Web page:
Could America Still Lose in Afghanistan?

But, he says, "A lot has been invested to get Afghanistan to where it is now, and we're concerned that attention is going to move elsewhere."

"Look at it right now," says Larry P. Goodson, author of Afghanistan's Endless War: State Failure, Regional Politics and the Rise of the Taliban, who last was in Afghanistan to observe the loya jirga in June. "You don't have Americans sitting there going, 'I wonder how those Afghan children are doing.' It's not on anybody's radar recently."

Worry Over Signals

In April, President Bush vowed America would lead a "moral victory" in Afghanistan by rebuilding the country in the tradition of the post-World War II Marshall Plan that rebuilt Europe.

But Azoy, last in Afghanistan in April, worries President Bush's appointment this month of Zalmay Khalilzad, his special envoy for Afghanistan, to the new title of special envoy and ambassador at large for free Iraqis, may be a "perfect symbol" of U.S. officials' changing focus.

For the White House's part, it said Khalilzad would remain the Afghanistan envoy, shed another title and set of duties, and continue to "ensure that the United States' commitment to working in partnership with the Afghan government remains firm and resolute."

And Karzai told The Associated Press recently, "The indications I have so far from the United States and from countries in Europe suggest that Afghanistan will not be receiving less help, less attention."

However, Goodson, director of Middle East studies at the U.S. Army War College in Carlisle, Pa., fears some military support resources already may be getting diverted, though it is a fluid situation and difficult to prove.

The media's interest also seems to have shifted. Last week, as reporters clamored to hear Secretary of State Colin Powell call omissions from Iraq's weapons report a "material breach" of United Nations resolutions, only about a dozen people attended the Defense Department's year-end briefing on Afghan reconstruction.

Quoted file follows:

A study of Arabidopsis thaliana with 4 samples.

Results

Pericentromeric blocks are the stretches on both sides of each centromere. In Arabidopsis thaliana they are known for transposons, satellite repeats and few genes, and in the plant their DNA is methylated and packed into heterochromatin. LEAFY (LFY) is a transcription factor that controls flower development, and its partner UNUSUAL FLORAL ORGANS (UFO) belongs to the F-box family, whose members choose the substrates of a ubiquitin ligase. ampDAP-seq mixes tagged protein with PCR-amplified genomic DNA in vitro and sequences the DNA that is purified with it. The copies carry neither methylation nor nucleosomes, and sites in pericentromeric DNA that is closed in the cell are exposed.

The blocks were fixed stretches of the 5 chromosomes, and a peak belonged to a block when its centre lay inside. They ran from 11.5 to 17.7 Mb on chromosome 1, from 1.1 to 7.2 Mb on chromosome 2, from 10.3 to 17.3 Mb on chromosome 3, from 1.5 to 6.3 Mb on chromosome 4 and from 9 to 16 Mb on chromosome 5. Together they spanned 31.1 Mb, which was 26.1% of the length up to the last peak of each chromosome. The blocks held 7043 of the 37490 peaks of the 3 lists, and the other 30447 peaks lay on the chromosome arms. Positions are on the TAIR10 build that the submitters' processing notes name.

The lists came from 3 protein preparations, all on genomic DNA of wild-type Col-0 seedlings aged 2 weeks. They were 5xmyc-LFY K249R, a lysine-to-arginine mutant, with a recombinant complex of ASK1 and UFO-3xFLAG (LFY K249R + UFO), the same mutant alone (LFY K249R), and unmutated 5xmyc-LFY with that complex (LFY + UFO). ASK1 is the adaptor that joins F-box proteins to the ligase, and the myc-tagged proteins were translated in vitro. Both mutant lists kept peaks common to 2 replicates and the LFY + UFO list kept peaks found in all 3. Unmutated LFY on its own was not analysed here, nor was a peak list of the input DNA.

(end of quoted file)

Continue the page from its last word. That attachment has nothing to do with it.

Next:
‘Good News’

But Joe Collins, the U.S. deputy assistant secretary of defense for stability operations, told reporters at the briefing that America's commitment to Afghanistan is not flagging.

Afghanistan's story over the past year, he said, is full of "a lot of good news" that has brought hope to a country ranked as one of the world's least livable by a United Nations index in 1996 — even before it endured years of drought and Taliban rule.

The United States has spent hundreds of millions of dollars on Afghanistan's recovery, Collins said, and expects to have spent $900 million by the end of 2003.

He said American economic and hands-on efforts already have helped build hundreds of schools and water wells, and dozens of medical clinics. America also has coordinated with the ISAF force in Kabul, trained and deployed the first soldiers in a multi-ethnic Afghan national army, continued to battle handfuls of remaining Taliban and al Qaeda fighters, and helped make safer large swatches of the country, he said.

"We now believe that about 26 provinces of the 33 in Afghanistan have moderate to good security," he added.

The United States soon plans to deploy 10 to 12 "joint regional teams" — whose 60-or-so members will include special forces soldiers, diplomats, technical experts, American governmental aid workers and foreign representatives — to help further stabilize outlying regions.